AboitizPower: Influx of RE needs support; transition fuel


To aid the stream of renewable energy (RE) entering into the Philippine energy mix, Aboitiz Power Corporation (AboitizPower) opined that the availability of financial resources and lands is needed on top of expanded power lines and skilled workforce.

“The primary target that we’re really aiming at for 2030 is growing the renewable portfolio and adding 3,700 megawatts of new renewable energy capacity… This requires land, competitive financing, talents who would develop these projects, and, of course, transmission availability,” said AboitizPower President and CEO Emmanuel Rubio.

To support the green initiative of the country, the energy firm looks to build 3,700 megawatts (MW) of new RE capacity, which should advance to 4,600 MW by 2030 and would include geothermal, battery energy storage systems, solar, hydro, and wind.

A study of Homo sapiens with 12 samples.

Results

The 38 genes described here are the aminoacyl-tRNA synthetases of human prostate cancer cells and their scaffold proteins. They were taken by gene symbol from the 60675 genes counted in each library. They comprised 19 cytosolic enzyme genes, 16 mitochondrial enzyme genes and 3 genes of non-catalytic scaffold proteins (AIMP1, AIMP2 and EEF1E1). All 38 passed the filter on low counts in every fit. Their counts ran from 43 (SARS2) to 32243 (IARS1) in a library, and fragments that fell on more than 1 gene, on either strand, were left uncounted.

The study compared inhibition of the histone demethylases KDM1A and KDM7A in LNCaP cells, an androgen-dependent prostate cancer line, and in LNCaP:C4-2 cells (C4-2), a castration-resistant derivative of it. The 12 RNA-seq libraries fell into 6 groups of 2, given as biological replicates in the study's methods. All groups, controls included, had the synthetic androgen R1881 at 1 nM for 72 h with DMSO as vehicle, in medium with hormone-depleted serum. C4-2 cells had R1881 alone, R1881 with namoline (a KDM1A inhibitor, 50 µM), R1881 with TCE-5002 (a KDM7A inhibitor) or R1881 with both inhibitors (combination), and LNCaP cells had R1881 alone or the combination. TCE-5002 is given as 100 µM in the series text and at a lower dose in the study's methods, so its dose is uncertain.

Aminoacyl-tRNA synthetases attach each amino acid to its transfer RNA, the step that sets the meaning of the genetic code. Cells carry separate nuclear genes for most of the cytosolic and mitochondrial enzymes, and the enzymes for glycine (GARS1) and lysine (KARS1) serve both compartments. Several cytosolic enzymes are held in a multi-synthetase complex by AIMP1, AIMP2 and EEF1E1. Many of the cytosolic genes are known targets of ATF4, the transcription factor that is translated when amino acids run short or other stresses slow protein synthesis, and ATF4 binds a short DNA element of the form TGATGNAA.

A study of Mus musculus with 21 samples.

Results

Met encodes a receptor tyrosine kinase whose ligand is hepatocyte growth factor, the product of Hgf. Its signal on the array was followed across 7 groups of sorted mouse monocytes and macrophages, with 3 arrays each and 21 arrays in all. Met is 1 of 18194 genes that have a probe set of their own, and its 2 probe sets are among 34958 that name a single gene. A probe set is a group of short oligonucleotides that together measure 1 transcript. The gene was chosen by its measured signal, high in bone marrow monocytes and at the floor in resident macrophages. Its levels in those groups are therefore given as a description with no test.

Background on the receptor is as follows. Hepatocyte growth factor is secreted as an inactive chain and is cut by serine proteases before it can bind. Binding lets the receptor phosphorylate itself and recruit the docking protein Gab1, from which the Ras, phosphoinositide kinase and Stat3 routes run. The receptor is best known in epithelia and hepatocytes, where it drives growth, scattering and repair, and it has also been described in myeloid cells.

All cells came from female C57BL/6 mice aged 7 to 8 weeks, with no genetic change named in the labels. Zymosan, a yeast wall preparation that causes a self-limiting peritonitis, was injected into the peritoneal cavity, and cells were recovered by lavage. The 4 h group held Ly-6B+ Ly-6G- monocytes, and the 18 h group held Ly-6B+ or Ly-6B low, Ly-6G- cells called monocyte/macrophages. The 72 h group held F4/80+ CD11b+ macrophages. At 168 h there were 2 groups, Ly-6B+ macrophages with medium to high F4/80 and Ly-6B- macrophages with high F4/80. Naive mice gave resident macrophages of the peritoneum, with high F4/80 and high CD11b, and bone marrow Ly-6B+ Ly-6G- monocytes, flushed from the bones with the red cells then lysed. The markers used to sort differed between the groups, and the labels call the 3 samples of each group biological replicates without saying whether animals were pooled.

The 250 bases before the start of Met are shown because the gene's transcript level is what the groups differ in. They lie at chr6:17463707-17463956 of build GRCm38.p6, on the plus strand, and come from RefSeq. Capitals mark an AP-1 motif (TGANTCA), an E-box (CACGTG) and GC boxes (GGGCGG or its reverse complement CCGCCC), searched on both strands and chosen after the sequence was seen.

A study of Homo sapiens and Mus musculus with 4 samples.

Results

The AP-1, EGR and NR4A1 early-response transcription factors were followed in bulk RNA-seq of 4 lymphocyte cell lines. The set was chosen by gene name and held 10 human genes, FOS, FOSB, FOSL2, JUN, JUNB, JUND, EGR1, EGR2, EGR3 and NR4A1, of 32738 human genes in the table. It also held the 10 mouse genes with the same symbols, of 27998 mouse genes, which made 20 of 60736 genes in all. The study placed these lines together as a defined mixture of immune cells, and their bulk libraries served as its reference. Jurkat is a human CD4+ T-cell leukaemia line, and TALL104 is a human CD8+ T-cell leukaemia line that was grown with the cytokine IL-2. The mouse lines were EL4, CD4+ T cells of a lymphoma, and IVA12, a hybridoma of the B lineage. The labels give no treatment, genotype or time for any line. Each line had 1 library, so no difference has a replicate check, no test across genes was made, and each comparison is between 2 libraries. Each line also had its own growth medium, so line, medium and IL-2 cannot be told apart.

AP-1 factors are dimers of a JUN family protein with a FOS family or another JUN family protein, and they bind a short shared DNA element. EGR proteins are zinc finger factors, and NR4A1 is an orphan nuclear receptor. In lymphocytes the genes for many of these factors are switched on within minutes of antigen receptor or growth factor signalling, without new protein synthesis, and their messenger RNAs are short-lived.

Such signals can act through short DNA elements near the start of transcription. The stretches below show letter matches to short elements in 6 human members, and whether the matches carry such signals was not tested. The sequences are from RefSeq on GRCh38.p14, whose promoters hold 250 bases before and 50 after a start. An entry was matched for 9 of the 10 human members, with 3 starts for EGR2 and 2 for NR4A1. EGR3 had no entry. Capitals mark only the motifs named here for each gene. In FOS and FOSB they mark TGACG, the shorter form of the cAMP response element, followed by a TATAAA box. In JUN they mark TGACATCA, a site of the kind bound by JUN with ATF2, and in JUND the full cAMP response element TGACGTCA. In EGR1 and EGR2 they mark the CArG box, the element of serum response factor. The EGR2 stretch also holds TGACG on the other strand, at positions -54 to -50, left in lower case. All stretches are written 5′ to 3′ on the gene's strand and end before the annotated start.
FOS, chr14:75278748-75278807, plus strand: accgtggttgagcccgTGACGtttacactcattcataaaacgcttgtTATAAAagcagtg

“What’s driving the impetus to build renewable energy projects is because we have to. Climate change is real and we need to transition to cleaner fuels…[But] variable renewable energy is not the only solution. It has to be balanced with a balancing power plant like a gas plant,” Rubio added.

Earlier, Therma NatGas Power, a subsidiary of AboitizPower, with Meralco PowerGen Corporation, signed an agreement to procure a 40% stake in Chromite Gas Holdings.  This power move was to secure the firm’s position in the liquefied natural gas (LNG) space.

Chromite Gas had been aiming to secure an interest in two gas-fired power plants to supply a combined capacity of 2,500 MW. This is on top of an LNG import and regasification terminal. 

“Projects like this need economies of scale. The country can only afford one terminal to be competitive. Not everyone can put their terminal and build an LNG facility,” Rubio said.

Gas-to-power generation is seen as a more likely match to renewables because LNG-power turbines could cycle more quickly, meeting the inherent intermittencies of RE sources like solar and wind. 

This meant that grid stability would be attainable, especially during the rush of more RE sources into the grid.

As estimated in the Clean Energy Scenario of the Philippine Energy Plan, 50% of gross generation would come from RE sources while 26% would be from LNG by 2040.